Written by Christian Bischoff
Ricardo Delgado returns with Age of Reptiles: Ancient Egyptians, a new book that follows the daily life of a Spinosaurus in Prehistoric Africa. The comic features the characteristically detailed artwork of Delgado, who made a name for himself with his earlier work on the Reptiles series, (which garnered him two Eisner awards) as well as his successful turn as an artist on blockbuster hits like The Incredibles and Men in Black.
The book is a peculiar one, in the same style as his earlier Reptiles books. The comics are purely art-based, with no text throughout other than the title and the credit page. As a result, the comic relies completely on Delgado’s art to progress the narrative, an unorthodox form of storytelling in the comic book world.
The comic is named for a mural in the Yale Peabody Museum depicting the nearly 350 million years of history that dinosaurs ruled the earth. A scarred Spinosaurus serves as the protagonist of the issue. The book follows the creature’s struggle for survival in a seemingly routine day. The dinosaur battles with Brontosauruses, devours fish fresh from the stream, and fights off rival predators. The storytelling is purely visual, and relies solely on art work and the reader’s intuition to convey the tale. As a result, the story is relatively straightforward and free from any nuance.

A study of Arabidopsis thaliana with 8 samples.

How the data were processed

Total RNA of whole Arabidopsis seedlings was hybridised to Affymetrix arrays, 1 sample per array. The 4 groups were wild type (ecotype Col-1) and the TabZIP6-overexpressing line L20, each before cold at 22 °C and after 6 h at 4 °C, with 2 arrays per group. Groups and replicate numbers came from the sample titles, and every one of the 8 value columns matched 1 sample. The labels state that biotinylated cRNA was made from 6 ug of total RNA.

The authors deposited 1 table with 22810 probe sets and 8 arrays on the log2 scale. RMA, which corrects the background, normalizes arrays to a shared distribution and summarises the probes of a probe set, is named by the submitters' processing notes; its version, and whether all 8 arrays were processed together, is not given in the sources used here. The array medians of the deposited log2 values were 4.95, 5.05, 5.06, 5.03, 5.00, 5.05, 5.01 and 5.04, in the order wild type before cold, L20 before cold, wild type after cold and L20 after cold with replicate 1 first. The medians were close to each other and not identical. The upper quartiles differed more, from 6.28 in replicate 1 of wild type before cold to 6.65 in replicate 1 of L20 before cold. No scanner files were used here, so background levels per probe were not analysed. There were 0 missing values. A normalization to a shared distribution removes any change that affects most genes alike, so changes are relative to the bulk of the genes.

Any reader craving a lively or compelling story will be left wanting by this comic, as the story itself is propelled linearly, with nothing more than a visual representation of lessons on dinosaurs most people learn of in grade school. The comic is more of an art showcase than anything else, a thin story used to showcase skillful and detailed art.
As a comic book artist, Delgado is a noteworthy master, using beautiful and vibrant artwork to weave a wordless tale. Fans of Delgado’s former work should expect delight when perusing the incredibly detailed panels featured in the first issue of this four part miniseries. Newcomers to the series may not have as pleasant an experience, as the book itself is largely lacking in any major storyline beyond that of mere survival.